Big Pharma’s Target Market: Anything With a Heartbeat

Sunday, February 21, 2010
Posted in category Big Pharma, Health Tyranny

On the LewRockwell.com blog, David Kramer links to a story about Prozac and its use for ….. dogs.

The pharmaceutical companies, once upon a time, had a semi-honorable quest to cure diseases and improve the quality of life for the very ill. That all went away with the proliferation of the almighty state and the growth of profit-seeking special interests that wished to manipulate political channels to curry favors and serve their own profitability.The revolving doors between Big Government and Big Pharma were built upon a corrupt foundation. Along came the modern Patent State and a ginormous web of governmental health agencies whose purpose was to empower their compadres in the quasi-governmental pharmaceutical industry and make personal health a public-collective issue, with the rules being set by so-called established experts and “trusted” advisors in the medical-pharmaceutical community.

The powerful propaganda machine created by the government-Big Pharma alliance has the job of lying to the citizenry, and making them dependent on their products and services by creating and selling sickness. This grows the governmental public health sector and empowers the public-private sector alliance. The result is political power, profits, and job creation. This consortium of health tyrants re-define the parameters of sickness so that, eventually, we are all a high risk for some potentially disastrous health debacle, and thus we become lifelong patients.

Remember about thirty years ago, when Merck’s CEO Henry Gadsden told Fortune magazine that it was a shame that the company’s products could only be limited to “sick people.” As cited in the book Selling Sickness: How the World’s Biggest Pharmaceutical Companies Are Turning Us All Into Patients, by Ray Moynihan and Alan Cassels:

Suggesting he’d rather Merck to be more like chewing gum maker Wrigley’s, Gadsden said it had long been his dream to make drugs for healthy people. Because then, Merck would be able to “sell to everyone.”


  1. liberranter says:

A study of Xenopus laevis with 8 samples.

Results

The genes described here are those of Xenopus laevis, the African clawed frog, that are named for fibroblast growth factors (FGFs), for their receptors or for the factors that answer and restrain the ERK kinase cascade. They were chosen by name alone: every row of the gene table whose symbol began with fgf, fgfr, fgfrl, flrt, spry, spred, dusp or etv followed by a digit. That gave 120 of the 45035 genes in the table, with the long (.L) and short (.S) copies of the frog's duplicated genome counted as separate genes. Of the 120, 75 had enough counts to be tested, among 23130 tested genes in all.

February 22nd, 2010 at 11:55 am

    And proof positive that your doctor (or their corporate HMO employers) is getting kickbacks from one or more of the Big Pharma bullies can be gauged by their reaction to your refusal to be treated with their poisons. I just told my new GP that under NO circumstances will I ever take statins for my congenital blood cholesterol problem and that if natural supplements such as RYR and diet modification don’t do the job, then it’s a problem I will simply live with. Almost immediately I was treated to a patronizing and nonsensical lecture about how “natural supplements have side effects worse than synthetic drugs” and that “natural supplements won’t treat a congenital cholesterol condition.” I would have probably ended the consultation right then and there and told him that he had seen the last of me were it not for the fact that every other GP in the medical mainstream will trot out some variation of his screed, so what would be the point in changing doctors on that basis alone?

    Remember, folks, you are under NO obligation whatsoever (at least not YET) to put anything into your body that you don’t want put into it. A doctor’s prescription is merely a professional recommendation, not a legal writ. Once more patients begin to understand this and come to comprehend the counter-productive and often life-threatening toxicity of most of Big Pharma’s product, that industry’s criminal recklessness will finally be put in check.

  2. Karen De Coster says:

    February 22nd, 2010 at 3:31 pm

    Great comment, liberranter.

  3. Bryant says:

    March 17th, 2010 at 12:07 am

    You suggest that government entwinement with the pharmaceutical industry drives drug sales to patients who may not need these drugs.

    But what about the many obvious ways in which government intervention *restricts* drug sales? Most notably, consider the effects of state licensure of prescribers and laws on prescribing rights. Such laws and restrictions greatly reduce drug sales. For example, if the state did not intervene in such ways, you would expect there to be far greater sales of the phosphodiesterase-5 inhibitors (e.g., Viagra). This would create a market somewhat comparable to Wrigley’s gum.

    If the pharmaceutical industry is so heavily entwined with the government, why haven’t we seen a loosening of these types of restrictions? Even some of the most basic drug classes–like ACE-inhibitors, which could easily be prescribed and monitored by a pharmacist instead of a physician, thereby expanding public access to such therapies–still require physician oversight to prescribe.

    Government intervention does a reasonable job of restricting drug sales only to those patients who need them. I would contend that it even goes too far.